We were recently tasked with resolving a performance bottleneck on a very popular online food ordering system in India. The problem statement was rather simple: The website was running very slow during peak hours.
The application was opaque to us – being an off the shelf application whose IP and therefore source the application vendor retained. So our investigations and analysis would need to be limited to the OS, Hardware and application level configuration.
Every good technician brings his own preferred set of tools with him – New Relic is our tool of choice for monitoring. It comes with a free 30-day evaluation with some strings attached. This suited our purpose fine. [Note: It turned out later that the customer had a global enterprise licensing agreement for new relic!]
We looked at the metrics provided by New Relic and could determine that the database was performing well. All the stored procedures were completing their operations in under 100 ms. Network latency & bandwidth between the application and the database was also found to be of no concern.
This was a three-tier application and the web tier was indeed taking up to 15 secs to process requests. We decided to work down the tiers to identify and isolate the bottlenecks.
The load balancer was configured to use sticky sessions however the session was being stored in the ASPState database. Given that the LB configuration was sticky we decided to change the session configuration to InProc. And Voila the problems were all gone.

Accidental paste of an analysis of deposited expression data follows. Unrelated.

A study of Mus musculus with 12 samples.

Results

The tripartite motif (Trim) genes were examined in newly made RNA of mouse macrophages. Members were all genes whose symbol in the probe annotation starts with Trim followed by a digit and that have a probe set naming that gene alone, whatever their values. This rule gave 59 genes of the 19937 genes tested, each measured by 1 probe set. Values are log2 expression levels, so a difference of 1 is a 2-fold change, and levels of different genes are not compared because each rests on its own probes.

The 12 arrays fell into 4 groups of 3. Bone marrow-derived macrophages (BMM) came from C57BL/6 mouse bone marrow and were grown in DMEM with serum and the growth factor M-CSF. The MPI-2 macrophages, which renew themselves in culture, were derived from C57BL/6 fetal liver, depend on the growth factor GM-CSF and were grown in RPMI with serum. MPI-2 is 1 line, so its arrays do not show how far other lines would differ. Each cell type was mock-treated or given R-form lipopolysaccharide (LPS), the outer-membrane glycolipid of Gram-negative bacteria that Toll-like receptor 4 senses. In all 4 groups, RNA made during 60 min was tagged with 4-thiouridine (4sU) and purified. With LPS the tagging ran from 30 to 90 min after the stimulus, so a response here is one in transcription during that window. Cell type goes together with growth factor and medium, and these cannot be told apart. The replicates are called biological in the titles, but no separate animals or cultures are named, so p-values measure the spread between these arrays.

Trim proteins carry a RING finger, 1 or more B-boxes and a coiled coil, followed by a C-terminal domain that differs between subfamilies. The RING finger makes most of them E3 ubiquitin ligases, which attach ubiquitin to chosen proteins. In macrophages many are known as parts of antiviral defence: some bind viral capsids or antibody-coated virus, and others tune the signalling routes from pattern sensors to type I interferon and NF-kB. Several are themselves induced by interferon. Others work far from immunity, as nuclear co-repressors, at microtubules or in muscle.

We had a really happy customer – who saw an increase in revenue, reduction in provisioned hardware (therefore costs) and a 10 fold decrease in response time. Simple, right?
The above does point to the fact the ASPState database was a bottleneck and data also demonstrated that it was bottlenecking on Disk I/O. Why would that be?
Anytime a web request was coming in there was a write occurring to the ASPState database. Though the project/client did not need any of the below, but here are a few pointers on how to tune the ASPState database in case your architecture requires its use. Please note that there is a third option called in SessionServer where Session State can be stored on a separate server in memory. Both SessionState and ASPState lead to a single point of failure and bottleneck.
In another .Net Application that we are building ground up we have decided to go stateless as this leads to way more scalable architectures.
ALTER DATABASE ASPState SET RECOVERY SIMPLE;
2. Minimize or Isolate I/O – Choose the sstype -c and -d options to our the ASPState database on a different disk.
3. Though possible never use the same ASPState database for two different web applications or sites.
4. The stored procedure tempresettimeout is called on every request and this can be madness on a high volume/many pageviews per visit site. I am not sure entirely sure how to address this but probably we can run this on some requests and not all?
5. There is a deleteexpiredtokens stored procedure that kills the performance under load. Run it sporadically and if possible not under peak load.
Coming from the world of Java/J2EE and Play Framework, I dislike single points of failure and session state. In the .Net world an apparently harmless configuration can lead to ominous bottlenecks unless identified early.
My recommendation remains to build stateless applications and pass cookie information on each request rather than store state server side. This way it also becomes much easier to add new application server nodes to the cluster if required.